The large-scale photovoltaic solar projects are often the ones that will gain the most attention, but according to a recently released NPD Solarbuzz report, 40% of solar projects currently in progress in the United States come in under the 500kW size.
“These smaller projects have a considerable impact on the communities where they are being built, providing much-needed employment and energy cost reduction,” said Christine Beadle, Analyst for NPD Solarbuzz. “They also represent a significant opportunity for downstream balance-of-systems component suppliers and PV systems integrators within the United States.”
The NPD Solarbuzz report, United States Deal Tracker, provides a comprehensive insight into projects between 50kW and 500kW from across the country. They found that, currently, more than 1,300 projects fall into this category, generating a cumulative amount of 200 MW.
California currents accounts for over a quarter of the total US project pipeline in this category, thanks to the state’s 33% Renewable Portfolio Standard target. The next five states are New Jersey, Massachusetts, Arizona, Pennsylvania, and Hawaii.
Solarbuzz make an interesting point with regard to the popularity and ease of these smaller projects:
Smaller PV installations often have a greater impact on communities than larger ones, as they become much more than just a supply of electricity. Smaller projects cost less to install, are easier to gain permit approval, and have fewer barriers for project financing. And these projects are often installed at no cost to the host. Schools, municipal buildings, zoos, hospitals, and even retail stores such as IKEA are typically the host of these smaller installs.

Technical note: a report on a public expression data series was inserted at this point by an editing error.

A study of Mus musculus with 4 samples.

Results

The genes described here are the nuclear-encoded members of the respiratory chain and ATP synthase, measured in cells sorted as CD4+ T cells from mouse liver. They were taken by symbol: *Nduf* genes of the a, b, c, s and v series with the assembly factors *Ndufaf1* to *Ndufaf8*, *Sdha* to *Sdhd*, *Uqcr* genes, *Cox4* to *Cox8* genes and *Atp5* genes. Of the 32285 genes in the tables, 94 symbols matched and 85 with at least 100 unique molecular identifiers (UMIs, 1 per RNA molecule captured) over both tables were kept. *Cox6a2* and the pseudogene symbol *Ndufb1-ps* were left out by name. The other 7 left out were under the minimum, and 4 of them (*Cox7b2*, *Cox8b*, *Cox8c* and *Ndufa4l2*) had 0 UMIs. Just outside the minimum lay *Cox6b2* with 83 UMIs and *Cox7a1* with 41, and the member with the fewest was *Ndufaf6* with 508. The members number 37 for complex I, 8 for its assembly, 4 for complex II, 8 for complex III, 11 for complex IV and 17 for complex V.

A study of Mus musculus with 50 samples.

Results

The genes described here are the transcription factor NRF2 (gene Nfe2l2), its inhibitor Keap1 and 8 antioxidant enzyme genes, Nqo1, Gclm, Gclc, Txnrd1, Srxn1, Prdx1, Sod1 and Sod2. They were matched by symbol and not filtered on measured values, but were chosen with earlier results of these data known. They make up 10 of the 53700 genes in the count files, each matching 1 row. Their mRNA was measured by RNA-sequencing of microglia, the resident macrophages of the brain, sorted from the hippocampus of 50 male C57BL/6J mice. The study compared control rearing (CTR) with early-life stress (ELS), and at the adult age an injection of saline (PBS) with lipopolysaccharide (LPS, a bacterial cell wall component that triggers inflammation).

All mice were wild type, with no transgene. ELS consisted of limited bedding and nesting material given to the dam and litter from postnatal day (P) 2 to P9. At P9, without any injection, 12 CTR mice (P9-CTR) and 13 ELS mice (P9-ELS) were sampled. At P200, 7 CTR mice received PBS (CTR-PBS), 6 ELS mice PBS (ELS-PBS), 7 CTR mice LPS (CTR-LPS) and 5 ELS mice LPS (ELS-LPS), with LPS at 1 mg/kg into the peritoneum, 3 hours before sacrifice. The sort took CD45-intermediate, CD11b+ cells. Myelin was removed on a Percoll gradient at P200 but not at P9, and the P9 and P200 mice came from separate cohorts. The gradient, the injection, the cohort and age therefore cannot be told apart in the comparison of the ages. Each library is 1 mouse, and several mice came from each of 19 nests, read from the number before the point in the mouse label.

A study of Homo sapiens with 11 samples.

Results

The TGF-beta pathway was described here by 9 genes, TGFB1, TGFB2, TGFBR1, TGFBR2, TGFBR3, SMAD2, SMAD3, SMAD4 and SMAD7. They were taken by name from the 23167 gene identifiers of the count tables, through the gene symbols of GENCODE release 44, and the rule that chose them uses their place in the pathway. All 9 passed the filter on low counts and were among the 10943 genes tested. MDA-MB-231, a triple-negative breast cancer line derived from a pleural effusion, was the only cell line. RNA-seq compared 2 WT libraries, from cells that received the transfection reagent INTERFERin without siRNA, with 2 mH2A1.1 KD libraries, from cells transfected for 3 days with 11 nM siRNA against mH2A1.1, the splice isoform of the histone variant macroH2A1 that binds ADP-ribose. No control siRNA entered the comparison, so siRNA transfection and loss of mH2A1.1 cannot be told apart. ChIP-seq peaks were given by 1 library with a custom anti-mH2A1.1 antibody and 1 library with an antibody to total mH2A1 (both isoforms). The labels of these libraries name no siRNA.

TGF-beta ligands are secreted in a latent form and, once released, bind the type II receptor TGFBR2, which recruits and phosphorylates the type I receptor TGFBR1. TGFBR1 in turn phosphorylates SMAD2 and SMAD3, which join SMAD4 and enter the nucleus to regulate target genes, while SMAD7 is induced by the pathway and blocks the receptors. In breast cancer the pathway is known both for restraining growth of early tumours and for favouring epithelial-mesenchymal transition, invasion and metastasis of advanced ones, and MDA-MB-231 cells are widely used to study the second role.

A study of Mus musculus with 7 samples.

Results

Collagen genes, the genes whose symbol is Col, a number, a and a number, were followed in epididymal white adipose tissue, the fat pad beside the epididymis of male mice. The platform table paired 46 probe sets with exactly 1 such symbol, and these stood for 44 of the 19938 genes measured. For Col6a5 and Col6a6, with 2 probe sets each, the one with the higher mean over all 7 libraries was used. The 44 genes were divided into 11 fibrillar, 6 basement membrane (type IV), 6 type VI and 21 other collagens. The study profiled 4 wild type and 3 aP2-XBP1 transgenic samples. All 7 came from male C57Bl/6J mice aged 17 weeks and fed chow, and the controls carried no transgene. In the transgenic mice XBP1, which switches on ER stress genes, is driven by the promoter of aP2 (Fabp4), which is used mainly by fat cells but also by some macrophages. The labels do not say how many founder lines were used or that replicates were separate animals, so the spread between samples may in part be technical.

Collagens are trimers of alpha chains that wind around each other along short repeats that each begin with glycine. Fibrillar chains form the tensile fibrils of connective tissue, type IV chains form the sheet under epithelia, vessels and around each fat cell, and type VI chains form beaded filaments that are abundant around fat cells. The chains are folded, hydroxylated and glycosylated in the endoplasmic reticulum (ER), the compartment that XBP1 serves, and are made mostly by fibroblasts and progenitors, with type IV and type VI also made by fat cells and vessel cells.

Solar, Agriculture, and Sheep
Currently, land that was once used as agricultural land throughout the United States is in some places being converted to create renewable energy when the financial rewards outweigh those generated by agricultural uses. On top of that, there are some colleges throughout the country that have recently started using sheep to maintain the grass under their solar installations.
Currently, a test market is under construction in North Carolina for a 4MW installation to be used as a sheep and lamb farm, and monitored for herd movement.
“While PV arrays are often criticized for taking land away from agriculture and farming, the combination of sheep farming and PV power generation is a great solution in many areas, as farmers can benefit from two sources of income,” added Beadle. “And while the concept of sheep herding in the same field as a PV array is still in its infancy, it certainly shows a great deal of promise.”
Surely, everyone can get behind solar power when even the sheep are benefiting from it. Right?